MakeSpace is a full-service storage startup that manages the pickup and delivery of your items with a digital inventory to keep track of it all.
As a high-growth startup, MakeSpace had to move quickly. The company figured out its brand and rebrands along the way and as a result, had a lot of variation in its visual identity.
A customer would experience a different look and feel across multiple touchpoints from a marketing landing page to scheduling an appointment in the app to their interactions with SpaceMakers.
The most recent brand guidelines focused on marketing, but did not translate to the digital product.
Noticing the inconsistencies, I headed up creating a design system based off of the existing guidelines that would work for both marketing and product teams.
I started by reviewing site accessibility, such as color contrast ratios, and trying out different layouts using the green background colors defined by the existing branding guidelines.
Through multiple design review sessions and user testing, we ultimately opted for a cleaner look with primarily neutral whites and selective green accents.
At the same time, the engineering team was rebuilding their back-end framework as they ran into the same issues—multiple, incohesive systems. To better prepare for future growth, we implemented a customized version of the Material-UI React library. Some of the components already created were retroactively adjusted to better fit within Material Design.
A component library means nothing without context.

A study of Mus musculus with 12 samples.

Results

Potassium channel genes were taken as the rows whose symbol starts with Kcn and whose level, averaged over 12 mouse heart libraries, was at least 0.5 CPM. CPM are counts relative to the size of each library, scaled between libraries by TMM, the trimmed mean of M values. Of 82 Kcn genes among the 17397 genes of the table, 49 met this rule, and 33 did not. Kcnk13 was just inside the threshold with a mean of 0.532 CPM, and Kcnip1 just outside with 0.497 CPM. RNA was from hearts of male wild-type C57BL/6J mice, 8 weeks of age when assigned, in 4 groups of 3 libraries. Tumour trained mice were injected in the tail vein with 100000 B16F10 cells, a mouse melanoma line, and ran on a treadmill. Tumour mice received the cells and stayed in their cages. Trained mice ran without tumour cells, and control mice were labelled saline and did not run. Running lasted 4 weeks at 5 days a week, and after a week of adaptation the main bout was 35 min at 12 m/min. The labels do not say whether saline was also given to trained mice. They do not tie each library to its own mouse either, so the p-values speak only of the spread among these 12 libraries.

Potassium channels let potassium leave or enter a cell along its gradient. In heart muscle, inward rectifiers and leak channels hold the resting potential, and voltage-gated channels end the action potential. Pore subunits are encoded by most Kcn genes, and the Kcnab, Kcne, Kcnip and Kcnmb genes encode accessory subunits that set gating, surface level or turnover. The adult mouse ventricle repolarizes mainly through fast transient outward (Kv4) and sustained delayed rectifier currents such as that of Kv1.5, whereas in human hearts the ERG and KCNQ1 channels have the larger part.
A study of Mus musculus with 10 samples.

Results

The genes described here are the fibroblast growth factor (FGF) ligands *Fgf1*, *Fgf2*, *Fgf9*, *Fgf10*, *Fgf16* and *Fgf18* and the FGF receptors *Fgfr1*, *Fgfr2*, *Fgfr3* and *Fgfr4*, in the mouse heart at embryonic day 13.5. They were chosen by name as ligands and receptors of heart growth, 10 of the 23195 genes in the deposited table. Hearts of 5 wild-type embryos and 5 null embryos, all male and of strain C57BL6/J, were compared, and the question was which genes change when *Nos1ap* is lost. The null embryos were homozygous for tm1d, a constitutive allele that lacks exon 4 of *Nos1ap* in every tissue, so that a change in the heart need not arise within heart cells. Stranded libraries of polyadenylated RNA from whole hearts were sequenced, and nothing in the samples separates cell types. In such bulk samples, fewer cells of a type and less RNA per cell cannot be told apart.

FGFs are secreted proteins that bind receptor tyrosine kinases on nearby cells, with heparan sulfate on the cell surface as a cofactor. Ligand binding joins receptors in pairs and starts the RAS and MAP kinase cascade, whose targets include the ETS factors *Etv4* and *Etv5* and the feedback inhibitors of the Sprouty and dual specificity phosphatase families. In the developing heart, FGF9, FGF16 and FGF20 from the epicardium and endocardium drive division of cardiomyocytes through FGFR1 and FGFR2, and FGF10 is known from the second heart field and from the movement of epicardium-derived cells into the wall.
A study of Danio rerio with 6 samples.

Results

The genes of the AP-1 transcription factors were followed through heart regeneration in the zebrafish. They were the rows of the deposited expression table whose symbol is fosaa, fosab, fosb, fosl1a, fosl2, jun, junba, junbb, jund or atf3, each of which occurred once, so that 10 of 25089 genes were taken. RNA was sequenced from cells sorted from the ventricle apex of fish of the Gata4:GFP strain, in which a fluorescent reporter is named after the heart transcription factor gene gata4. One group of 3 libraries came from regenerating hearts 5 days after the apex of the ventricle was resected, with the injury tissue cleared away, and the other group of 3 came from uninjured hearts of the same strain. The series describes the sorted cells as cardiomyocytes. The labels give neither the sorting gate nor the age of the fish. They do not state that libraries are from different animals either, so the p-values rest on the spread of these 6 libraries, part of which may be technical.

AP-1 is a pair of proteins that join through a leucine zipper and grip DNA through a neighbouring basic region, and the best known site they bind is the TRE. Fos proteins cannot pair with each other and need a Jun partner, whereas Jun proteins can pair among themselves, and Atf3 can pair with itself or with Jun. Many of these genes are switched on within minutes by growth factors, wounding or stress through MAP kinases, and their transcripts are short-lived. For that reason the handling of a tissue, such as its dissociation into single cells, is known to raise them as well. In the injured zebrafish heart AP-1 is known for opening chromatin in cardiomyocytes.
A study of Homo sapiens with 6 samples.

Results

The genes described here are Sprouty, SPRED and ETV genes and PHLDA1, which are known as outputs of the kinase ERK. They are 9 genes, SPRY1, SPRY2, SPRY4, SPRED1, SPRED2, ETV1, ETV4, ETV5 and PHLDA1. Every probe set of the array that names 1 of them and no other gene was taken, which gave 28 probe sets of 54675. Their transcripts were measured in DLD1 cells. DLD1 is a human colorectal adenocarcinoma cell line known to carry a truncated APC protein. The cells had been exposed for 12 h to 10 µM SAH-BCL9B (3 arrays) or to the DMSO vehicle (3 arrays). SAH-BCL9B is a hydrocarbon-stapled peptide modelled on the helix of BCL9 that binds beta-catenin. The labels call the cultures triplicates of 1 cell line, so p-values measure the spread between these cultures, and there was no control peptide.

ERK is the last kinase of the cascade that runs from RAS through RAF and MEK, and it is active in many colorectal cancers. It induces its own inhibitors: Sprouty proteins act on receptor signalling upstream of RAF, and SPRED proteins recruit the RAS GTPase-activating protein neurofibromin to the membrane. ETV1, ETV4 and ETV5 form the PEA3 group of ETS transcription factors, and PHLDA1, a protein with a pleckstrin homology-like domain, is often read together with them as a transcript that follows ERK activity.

Working between engineering, product, and marketing, we identified an existing project in the roadmap to apply the new design system—the internal booking widget Customer Support agents used to book appointments.
As the design lead on the marketing team, I worked closely with the solo product designer, Ellen Huang, as she reworked and reskinned the new user flow.
We held weekly design meetings to review the components in context, iterate, and get feedback from stakeholders.
After working out the kinks in the internal booking flow, we applied the new design system to our homepage redesign. During this process, we uncovered gaps in the component library and created new components to fill those needs.
The redesigned homepage drove a 53% increase in conversion rate. More users were submitting their zip code to continue to the next page!
I extended the new design system to our marketing-focused landing pages and coded new email templates.
Design system work is never really finished. We’re constantly learning and iterating.
We continuously update our libraries to ensure consistency between design and implementation by keeping open communication channels between marketing, product, and engineering as well as reviewing components in Storybook.
As new projects head our way, we also strive to maintain internal consistency and quick updates to our own design language.